New Study Finds Stream Restorations Increase Home Values

Streams that were once filled with trash can be restored to increase homeowners' bottom line and reduce pollution

Restoring streams near homes can increase resale value by up to 15%, according to a new study (Adobe Stock).

Restoring streams near homes can increase resale value by up to 15%, according to a new study (Adobe Stock).

A new coat of paint and some nice shrubs are common ways to add curb appeal and, potentially, value to your home. New research from the College of Agriculture, Health and Natural Resources finds that some less common fixes could also help homeowners increase their bottom line.

Professor Charles Towe from the Department of Agricultural and Resource Economics recently published a paper in Environmental and Resource Economics finding that urban stream restorations provide a much more significant increase in home values than previously known.

This study incorporates an understanding of how streams are selected for restoration, a novel advancement in this kind of research.

Towe began studying this question more than a decade ago when the National Science Foundation poured funding into environmental issues in the Baltimore area. He and an interdisciplinary team looked at the impact of stream restoration projects.

In Baltimore, like in many other northeastern urban communities, urban planners didn’t consider the environmental impacts of their construction decisions. This lack of consideration has manifested in problems with storm water management today. Additionally, many of these streams are filled with trash and pollution.

“It’s basically taking what could be a dump and making a park out of it,” Towe says.

Many streams in the Baltimore area also have fallen into disarray as their banks continue to erode by forceful storm waters. This can lead to trees and other debris falling into the stream, the destruction of fish habitat, degrading water quality, and contributing to non-point nitrogen and phosphorous pollution.

Nitrogen and phosphorous can cause significant damage when they reach larger bodies of water like Chesapeake Bay. These contaminants can deplete oxygen levels in the water, killing species like the blue crab, a critical part of Maryland’s economy. These pollutants can also lead to the proliferation of toxic algal blooms.

Towe’s paper identified streams that would be optimal locations for reducing nitrogen pollution and increasing the value of homes near the streams. These stream restoration efforts work to make streams more effective parts of storm water management systems and reduce non-source point nitrogen and phosphorous pollution.

Using a distance band model, Towe compared the prices of homes sold before the stream restoration and resold after the restoration, controlling for other factors that could influence price.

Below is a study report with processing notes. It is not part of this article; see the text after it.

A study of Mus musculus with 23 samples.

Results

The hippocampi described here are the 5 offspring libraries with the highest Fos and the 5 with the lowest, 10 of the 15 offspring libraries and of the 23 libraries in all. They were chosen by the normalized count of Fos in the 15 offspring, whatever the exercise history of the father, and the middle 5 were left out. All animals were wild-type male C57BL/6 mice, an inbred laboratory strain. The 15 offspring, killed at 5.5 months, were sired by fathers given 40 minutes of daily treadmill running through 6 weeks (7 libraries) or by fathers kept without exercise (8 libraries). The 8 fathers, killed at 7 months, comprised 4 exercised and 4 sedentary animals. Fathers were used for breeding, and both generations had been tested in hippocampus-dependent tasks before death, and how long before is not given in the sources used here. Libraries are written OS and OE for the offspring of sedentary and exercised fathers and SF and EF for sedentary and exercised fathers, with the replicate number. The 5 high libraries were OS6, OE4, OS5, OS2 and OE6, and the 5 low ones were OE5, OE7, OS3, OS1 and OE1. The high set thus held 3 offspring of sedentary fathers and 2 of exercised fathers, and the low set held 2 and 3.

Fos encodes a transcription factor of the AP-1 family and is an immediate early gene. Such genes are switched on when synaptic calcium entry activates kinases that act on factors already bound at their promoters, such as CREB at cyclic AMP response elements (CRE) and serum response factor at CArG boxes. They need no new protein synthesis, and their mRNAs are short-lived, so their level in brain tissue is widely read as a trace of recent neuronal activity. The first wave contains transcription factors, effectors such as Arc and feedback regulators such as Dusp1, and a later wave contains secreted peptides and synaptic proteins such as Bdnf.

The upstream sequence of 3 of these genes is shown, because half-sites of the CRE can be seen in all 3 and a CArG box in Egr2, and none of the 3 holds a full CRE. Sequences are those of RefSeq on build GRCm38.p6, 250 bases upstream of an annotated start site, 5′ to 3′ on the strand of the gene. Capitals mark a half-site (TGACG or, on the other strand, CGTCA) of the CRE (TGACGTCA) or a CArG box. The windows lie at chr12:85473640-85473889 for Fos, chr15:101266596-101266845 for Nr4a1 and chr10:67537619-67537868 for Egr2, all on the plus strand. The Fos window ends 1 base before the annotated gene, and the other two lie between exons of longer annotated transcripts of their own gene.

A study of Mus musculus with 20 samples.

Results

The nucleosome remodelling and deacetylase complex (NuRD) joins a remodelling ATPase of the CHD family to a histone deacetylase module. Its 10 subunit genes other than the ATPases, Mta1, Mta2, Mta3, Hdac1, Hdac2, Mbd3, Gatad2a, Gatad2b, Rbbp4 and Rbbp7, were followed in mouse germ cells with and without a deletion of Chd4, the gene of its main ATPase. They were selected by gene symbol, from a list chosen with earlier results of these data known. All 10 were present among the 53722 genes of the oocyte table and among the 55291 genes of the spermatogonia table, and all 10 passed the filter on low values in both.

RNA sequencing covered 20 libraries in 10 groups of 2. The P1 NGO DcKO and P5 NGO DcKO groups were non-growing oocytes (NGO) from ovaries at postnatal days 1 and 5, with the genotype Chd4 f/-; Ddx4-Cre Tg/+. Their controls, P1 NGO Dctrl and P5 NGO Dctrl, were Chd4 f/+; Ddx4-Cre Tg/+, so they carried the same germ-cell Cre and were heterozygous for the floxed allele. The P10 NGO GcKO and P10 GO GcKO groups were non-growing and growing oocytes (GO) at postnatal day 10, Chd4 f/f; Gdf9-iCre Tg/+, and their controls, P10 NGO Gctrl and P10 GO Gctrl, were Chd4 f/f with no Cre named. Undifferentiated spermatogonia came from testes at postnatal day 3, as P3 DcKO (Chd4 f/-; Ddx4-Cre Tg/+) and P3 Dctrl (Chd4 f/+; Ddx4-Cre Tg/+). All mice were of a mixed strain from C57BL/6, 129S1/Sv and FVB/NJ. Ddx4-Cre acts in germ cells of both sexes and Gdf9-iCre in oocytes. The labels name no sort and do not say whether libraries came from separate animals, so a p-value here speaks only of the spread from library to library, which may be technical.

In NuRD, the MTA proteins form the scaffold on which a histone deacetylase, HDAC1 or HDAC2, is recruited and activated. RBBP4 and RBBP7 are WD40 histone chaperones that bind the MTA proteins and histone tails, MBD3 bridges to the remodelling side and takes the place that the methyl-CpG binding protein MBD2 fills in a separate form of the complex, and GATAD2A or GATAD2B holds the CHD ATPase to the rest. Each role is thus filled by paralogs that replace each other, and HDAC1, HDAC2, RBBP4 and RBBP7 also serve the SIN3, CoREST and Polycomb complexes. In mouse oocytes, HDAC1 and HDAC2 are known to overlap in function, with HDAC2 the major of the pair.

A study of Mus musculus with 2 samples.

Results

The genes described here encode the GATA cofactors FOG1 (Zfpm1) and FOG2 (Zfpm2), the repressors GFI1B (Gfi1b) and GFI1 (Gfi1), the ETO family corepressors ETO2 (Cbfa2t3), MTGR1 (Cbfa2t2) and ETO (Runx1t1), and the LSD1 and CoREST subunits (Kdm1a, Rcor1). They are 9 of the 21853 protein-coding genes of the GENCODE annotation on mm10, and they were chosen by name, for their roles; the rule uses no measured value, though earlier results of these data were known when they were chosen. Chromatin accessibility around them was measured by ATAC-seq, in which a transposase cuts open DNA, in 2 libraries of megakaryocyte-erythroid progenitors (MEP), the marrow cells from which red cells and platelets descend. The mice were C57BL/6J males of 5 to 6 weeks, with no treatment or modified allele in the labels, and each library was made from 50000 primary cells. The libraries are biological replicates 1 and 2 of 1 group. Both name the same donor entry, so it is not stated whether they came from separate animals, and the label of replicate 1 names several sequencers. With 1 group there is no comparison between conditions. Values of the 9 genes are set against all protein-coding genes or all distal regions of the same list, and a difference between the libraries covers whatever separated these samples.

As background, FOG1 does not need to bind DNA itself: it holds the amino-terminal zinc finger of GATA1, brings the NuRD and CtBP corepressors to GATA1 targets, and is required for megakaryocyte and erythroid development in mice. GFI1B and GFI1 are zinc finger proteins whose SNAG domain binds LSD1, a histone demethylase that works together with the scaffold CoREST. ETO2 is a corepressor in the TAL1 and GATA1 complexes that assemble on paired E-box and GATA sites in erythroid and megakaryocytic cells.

He found homes within 1,000 feet of a restored stream saw an average 15% increase in resale value. Those within 2,000 feet saw an average 11% increase. Houses more than 3,000 feet from the stream did not see significant changes.

These results are a significant departure from previous research which had only ever found a 1% or 2% increase.

While this work focused on Baltimore County, Towe says the results can be generalized to other older northeast urban areas with similar infrastructure. The study could help policy makers communicate the long-term value of stream restoration to the community and other decision makers.

“It really helps fill the gap so municipalities know that if you’re going to spend $6 million doing a stream restoration — here’s what you might expect in return to the community,” Towe says. “A lot of stuff we do in the environmental space does accrue benefits over a longer term.”

Sociologists on the team also investigated how residents feel about these restorations. They found that projects like stream restorations make people feel their local government values them and they do see the value in repairing these amenities.

This paper did not address what kind of restoration had the most significant impact on property values, something Towe plans to continue to explore in future research.

According to Towe, this type of interdisciplinary collaboration represents the future for addressing complex environmental issues.

“This is one of the ways to think about addressing climate issues going forward,” Towe says. “You’ve got to put different scientists from different perspectives together to have them discuss. If you’re looking for policy relevant outcomes that are going to improve certain outcomes, then you’re going to need for different groups of people to speak.”